WORLD BANK REENGAGES THE PACIFIC


TOKYO, Japan (November 9, 2001 – PIDP/CPIS)---As the World Bank (http://www.worldbank.org/) reengages with the Pacific, Laurie Dunn, World Bank Senior Country Officer, stated at a seminar in Tokyo Friday that poverty reduction will be a primary focus of World Bank lending in the Pacific.

As he embarks on his first fact-finding trip to the Marshall Islands and the Federated States of Micronesia, Dunn said, in a play on words, that there is a "poverty of opportunity in Pacific Island states." He expressed concern that "informal safety nets" are stretched thin.

Education and health are central to the poverty-reduction programs of the World Bank, whose worldwide projects for health, nutrition, education, and social protection represent 25 percent of lending.

World Bank President James D. Wolfensohn wants the Bank to assist developing countries in their efforts to reach Education For All (EFA). The goal is universal primary education for all children by 2015.

Dunn indicated that the World Bank regional office is also looking at sectoral issues of geographic "isolation and dispersion" both within and among Pacific Island states. As a result, the Bank is looking at transportation as well as information and communication technology (ICT).

Another Bank priority area includes economic restructuring with a strong focus on the private sector.

"Non-lending" is also a task of the World Bank’s regional office, Dunn revealed. He said that being a "knowledge bank" is part of this effort, as it draws on the Bank’s experience from around the world. The regional office also aims to respond to member countries requests for short-term analytical work.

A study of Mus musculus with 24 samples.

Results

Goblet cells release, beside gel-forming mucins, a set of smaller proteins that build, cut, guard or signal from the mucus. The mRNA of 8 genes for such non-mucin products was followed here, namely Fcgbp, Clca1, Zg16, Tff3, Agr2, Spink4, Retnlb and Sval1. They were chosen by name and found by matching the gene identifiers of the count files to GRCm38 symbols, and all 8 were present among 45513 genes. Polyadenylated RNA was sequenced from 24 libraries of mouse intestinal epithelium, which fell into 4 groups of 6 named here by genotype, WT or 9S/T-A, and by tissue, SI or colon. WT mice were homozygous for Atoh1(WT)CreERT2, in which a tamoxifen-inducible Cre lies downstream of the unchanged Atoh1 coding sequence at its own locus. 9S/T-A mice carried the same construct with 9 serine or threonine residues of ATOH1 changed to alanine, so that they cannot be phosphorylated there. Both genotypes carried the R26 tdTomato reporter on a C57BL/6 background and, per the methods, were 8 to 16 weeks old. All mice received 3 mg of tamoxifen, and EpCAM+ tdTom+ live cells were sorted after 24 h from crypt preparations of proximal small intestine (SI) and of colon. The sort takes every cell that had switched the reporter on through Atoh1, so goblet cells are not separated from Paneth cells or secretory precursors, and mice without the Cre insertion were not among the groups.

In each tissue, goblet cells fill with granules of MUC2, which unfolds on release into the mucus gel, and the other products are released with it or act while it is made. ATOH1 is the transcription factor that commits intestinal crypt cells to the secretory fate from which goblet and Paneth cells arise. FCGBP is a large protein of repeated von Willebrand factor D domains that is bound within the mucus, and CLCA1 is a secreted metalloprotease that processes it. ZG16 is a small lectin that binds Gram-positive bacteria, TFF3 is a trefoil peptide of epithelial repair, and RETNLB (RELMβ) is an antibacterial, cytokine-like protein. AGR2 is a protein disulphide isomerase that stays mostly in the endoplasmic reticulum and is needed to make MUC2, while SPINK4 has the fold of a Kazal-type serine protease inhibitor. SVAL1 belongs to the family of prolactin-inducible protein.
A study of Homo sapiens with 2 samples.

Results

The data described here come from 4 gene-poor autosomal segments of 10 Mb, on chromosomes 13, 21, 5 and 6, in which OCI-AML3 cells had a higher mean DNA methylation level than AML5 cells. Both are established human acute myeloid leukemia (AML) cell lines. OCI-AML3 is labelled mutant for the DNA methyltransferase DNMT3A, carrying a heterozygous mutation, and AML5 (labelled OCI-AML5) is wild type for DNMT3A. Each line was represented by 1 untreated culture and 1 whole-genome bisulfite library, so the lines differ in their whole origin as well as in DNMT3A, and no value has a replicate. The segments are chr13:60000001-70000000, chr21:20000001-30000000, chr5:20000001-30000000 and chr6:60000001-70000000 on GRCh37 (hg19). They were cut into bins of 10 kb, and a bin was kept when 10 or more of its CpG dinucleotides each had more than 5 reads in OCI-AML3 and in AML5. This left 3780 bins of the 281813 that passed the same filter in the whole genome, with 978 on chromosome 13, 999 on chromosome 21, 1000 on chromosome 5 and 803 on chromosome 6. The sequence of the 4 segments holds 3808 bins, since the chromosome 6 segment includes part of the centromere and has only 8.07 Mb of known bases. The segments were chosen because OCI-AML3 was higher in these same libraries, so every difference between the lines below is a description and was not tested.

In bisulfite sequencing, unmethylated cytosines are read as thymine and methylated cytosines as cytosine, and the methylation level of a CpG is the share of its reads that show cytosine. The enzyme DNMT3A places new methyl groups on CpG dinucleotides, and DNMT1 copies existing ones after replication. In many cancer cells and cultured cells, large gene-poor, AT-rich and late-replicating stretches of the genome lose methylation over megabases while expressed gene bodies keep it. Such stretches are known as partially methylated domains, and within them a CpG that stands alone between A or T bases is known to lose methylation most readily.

"Only one or two new projects per year are expected to be funded," Dunn told the Tokyo seminar.

This figure was at slight odds with a printed summary of Dunn’s remarks provided before the talk stating that "an indicative benchmark of 2-3 new lending activities per fiscal year" could be anticipated. That project level will call on resources of up to US$ 30-40 million over the next three years.

Dunn did not explain the discrepancy in the number of projected projects reported in his talk and in the summary.

The World Bank’s Pacific Island current lending portfolio stands at US$ 40 million. Bank projects are located in the Solomon Islands, Samoa, Vanuatu, and Tonga.

Dunn characterized the Bank’s history in lending to Pacific Member Countries as "mixed." Consequently, "the Bank’s role in the transfer of resources to the PMCs has been and is likely to remain limited," he said.

Dunn stressed that the Bank would closely coordinate its efforts in the Pacific with national governments -- Australia, Japan, New Zealand, and the United States -- as well as UN agencies, donors, nongovernmental organizations, and other partners such as the Commonwealth Secretariat.

The Bank’s focus has been on regional projects. That will continue. Dunn indicated that the Bank would also begin to look at country-specific conditions.

The Pacific Member Countries of the World Bank comprise the Solomon Islands, Vanuatu, Fiji, Samoa, Tonga, Kiribati, Palau, the Federated States of Micronesia, and the Marshall Islands. Papua New Guinea and East Timor come under separate Bank jurisdictions.

Dunn, formerly with AUSAID, is stationed in the World Bank’s Sydney Offices as part of the Bank’s decentralization efforts. The Sydney office is responsible for East Timor, Papua New Guinea, and Pacific Island Operations. This is Dunn’s first trip to the North Pacific.